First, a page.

150Ghz or higher. while -for example- a CPU runs at only at a base clock of 3Ghz.
Well, a CPU isn't a single transistor; it's billions, and even the speed of light wouldn't allow for a CPU core to distribute a clock consistently across a die at 150 GHz.
It gets worse, though: your transistor might switch incredibly fast, but it has to (dis-)charge the gate of the next transistor, and since even in fully switched state, your drain-source impedance isn't 0 Ω, and your power supply can't supply infinite current that simply takes time.
Now, a single transistor doesn't make a logic gate, you need multiple; a single logic gate doesn't make a complex unit such as floating point multiplier, you need hundreds. So, you get complex networks of connected gates and typically CMOS pairs. There's going to be a longest path there, which simply takes a lot of time from the first CMOS pair switching to the last CMOS pair switching. That's the ultimate limiting factor: you can't get faster than that, even if you ignore all other problems.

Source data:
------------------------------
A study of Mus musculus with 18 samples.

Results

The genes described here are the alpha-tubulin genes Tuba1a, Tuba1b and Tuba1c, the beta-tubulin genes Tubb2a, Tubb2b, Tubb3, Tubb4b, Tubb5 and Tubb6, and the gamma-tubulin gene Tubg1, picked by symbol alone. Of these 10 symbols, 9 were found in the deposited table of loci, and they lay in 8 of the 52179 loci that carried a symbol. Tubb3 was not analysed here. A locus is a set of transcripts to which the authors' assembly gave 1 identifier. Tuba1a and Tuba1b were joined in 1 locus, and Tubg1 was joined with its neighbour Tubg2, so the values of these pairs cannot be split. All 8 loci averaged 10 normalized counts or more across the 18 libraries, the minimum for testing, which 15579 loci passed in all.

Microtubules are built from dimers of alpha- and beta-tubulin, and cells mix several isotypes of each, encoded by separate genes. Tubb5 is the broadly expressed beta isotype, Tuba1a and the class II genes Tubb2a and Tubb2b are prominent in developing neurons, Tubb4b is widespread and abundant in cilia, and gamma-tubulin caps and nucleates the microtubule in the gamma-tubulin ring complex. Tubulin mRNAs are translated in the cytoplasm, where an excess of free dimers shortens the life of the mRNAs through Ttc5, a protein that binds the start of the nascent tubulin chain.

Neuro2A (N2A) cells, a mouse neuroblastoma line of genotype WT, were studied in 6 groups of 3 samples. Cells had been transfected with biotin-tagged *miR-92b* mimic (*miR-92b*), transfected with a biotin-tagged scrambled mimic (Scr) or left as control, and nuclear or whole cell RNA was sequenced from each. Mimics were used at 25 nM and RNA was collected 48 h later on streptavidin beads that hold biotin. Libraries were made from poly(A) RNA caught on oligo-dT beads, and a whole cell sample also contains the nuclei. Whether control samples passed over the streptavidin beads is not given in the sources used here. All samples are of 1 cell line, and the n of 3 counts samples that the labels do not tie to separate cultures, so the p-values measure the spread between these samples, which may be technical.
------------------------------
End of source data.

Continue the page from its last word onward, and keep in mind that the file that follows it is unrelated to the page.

(I don't think you actually need a bibliographic reference to that, that's kind of "common knowledge"; else, pick your arbitrary VLSI textbook.)
And there's plenty of other problems: You can't increase voltages to speed up charging of gates, simply because ohmic losses go with the square of your voltage, and ho boy, is your CPU thermally limited.
You can't work with a "oh, it doesn't have to be at 99% of supply voltage, 80% is enough charge that is achieved within a cycle", because, again, billions of transistors: Reducing the "acceptable threshold", then you get cascading probabilities of things not being in the correct state. Do that a billion time at once, and you basically guarantee that something goes wrong in your CPU.
Atop of that, you, being a TCAD engineer, will definitely have to deal with a lot of interactions that say "many transistors on a die do not behave like a lot of independent transistors".